Why and How to Apply for a Federal Tax Lien Subordination
An IRS tax lien encumbers all of your property, even if you aren’t aware that the tax lien exists. The tax lien is not an immediate collection action. You still get to keep the property subject to one, but you may not be able to sell or refinance the property unless you eliminate the tax lien.
The easiest way to get rid of an IRS tax lien is to pay off all of your tax debt. If you can’t pay the full debt, you have other options. Two other popular options pertain to requesting a lien discharge or lien subordination.
A tax lien discharge completely removes the lien from a specific piece of property. A Federal tax lien subordination keeps the tax lien in place but permits another creditor to move ahead of the IRS in priority. Consequently, it may allow you to get a loan or refinance your mortgage.
What is a Subordination When it Comes to IRS Tax Liens?
When you get a loan, some creditors take a security interest in your property. The most common example is a mortgage, where a creditor takes a security interest in your home. If you don’t pay your mortgage, the security interest gives the creditor the right to foreclose on your home. Your home becomes the collateral to the lender.
Several creditors can have a security interest in the same property, but their interests are ranked according to priority. Your first mortgage lender would have a higher priority than a second mortgage lender, which means that they get paid first from the proceeds of a foreclosure auction.
If you have an IRS tax lien on your property, that lien will take priority over any loans you receive after the tax lien exists. Creditors may not wish to give you a second mortgage loan because their security interest will be inferior to the IRS tax lien interest.
An IRS tax lien subordination is an agreement that allows a new creditor to move ahead of the IRS in priority. The IRS tax lien will remain on the property. However, it will have a lower position than the new lender’s security interest.
What Happens If the IRS Subordinates a Tax Lien?
The IRS will issue you a Certificate of Subordination. It permits a junior creditor to move ahead of the IRS tax lien in priority.
However, the IRS tax lien remains in place on this priority. The tax lien also stays in place on all of your other real and personal property, and you still owe your tax liability in full, including interest and penalties.
An IRS lien subordination does not solve your tax debt problems. But it could allow you to get a loan or refinance your home, which could free up more money to pay off your tax debt.
Why Would a Taxpayer Want to Subordinate A Tax Lien?
You may not be able to get a loan or refinance an existing mortgage while the IRS tax lien is in place. If you get a Certificate of Subordination, then a creditor may be willing to extend credit.
You may wish to get a second mortgage loan and use the money to pay off your tax debt, or you could refinance your existing mortgage to lower your monthly mortgage payments. A tax lien subordination can also apply to assets besides your home, including business property.
If you want to sell the property encumbered by the IRS tax lien, a lien subordination probably won’t help. You may have to request a discharge of an IRS tax lien to complete the sale.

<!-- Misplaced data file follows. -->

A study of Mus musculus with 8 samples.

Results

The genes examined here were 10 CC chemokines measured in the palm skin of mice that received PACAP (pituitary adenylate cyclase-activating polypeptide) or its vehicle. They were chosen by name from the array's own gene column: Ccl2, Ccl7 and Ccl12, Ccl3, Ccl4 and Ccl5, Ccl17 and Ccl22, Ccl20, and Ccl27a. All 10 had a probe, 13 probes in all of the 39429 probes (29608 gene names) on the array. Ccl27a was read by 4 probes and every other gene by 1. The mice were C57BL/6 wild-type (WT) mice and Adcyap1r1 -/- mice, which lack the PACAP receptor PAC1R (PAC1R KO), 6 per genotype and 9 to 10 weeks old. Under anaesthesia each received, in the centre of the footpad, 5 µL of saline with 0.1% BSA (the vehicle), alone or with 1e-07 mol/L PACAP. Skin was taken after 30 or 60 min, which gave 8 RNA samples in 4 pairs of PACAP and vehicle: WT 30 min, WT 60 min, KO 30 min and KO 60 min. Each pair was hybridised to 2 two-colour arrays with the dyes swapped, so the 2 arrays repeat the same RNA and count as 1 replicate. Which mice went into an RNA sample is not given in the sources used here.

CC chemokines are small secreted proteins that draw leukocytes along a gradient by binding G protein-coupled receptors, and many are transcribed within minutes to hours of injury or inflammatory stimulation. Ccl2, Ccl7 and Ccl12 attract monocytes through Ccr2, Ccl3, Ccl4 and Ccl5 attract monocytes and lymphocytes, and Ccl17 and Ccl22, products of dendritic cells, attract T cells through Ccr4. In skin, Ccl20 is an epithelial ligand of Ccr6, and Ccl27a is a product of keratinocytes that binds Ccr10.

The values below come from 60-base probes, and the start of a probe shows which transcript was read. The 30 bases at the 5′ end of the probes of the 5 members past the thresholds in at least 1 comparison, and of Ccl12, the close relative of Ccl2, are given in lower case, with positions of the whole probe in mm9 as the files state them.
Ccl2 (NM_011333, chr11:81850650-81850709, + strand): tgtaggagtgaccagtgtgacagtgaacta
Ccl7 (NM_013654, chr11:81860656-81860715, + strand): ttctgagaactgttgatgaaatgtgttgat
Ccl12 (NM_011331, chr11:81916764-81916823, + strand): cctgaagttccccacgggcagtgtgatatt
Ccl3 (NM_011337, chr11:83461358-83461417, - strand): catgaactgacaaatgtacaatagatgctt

How Can a Taxpayer Request a Federal Tax Lien Subordination?
Apply for a certificate of subordination of federal tax lien by following the instructions in Publication 784. You will need to complete Form 14134. It is also a smart idea to watch this self-help IRS video. It is important to apply at least 45 days before a loan settlement meeting. Moreover, you need to provide the IRS the documentation for the settlement meeting. If you need assistance, contact a tax professional for help completing and filing the form and the necessary attachments.
You will need to provide the IRS a basis for subordinating the lien. The IRS will only agree to the lien subordination if it is in their best interests.
There are two main reasons that the IRS will agree to issue you a certificate of subordination:
- The IRS may subordinate the tax lien if you agree to pay them an amount equal to the interest they are subordinating. Refinancing a mortgage will give you an additional $20,000 in equity, with $5,000 in closing costs, the IRS will expect to receive $15,000 in return for subordinating their interest to the refinanced mortgage. This way the IRS is not losing any value, and you can refinance your loan.
- The IRS may subordinate their interest if it increases the amount they will realize. It could be the case if you refinance a loan with lower monthly payments, which allows you pay more each month to the IRS. You need to show that granting the lien subordination will make it easier for you to pay the IRS.
Can You Appeal a Denial of a Request for a Subordination?
You have appeal rights after a denial of a request for lien subordination. You may first attempt to talk to the manager of the IRS employee who denied your request. If they don’t grant your request or respond to your inquiry, you can submit a collection appeal request using Form 9423.
Contact a tax professional for help filing your lien subordination request. If the IRS grants your application, you could improve your financial situation and get closer to paying off your tax debt. For estate tax liens (not discussed above), use Form 4422 if selling, or Publication 1153 if you are refinancing.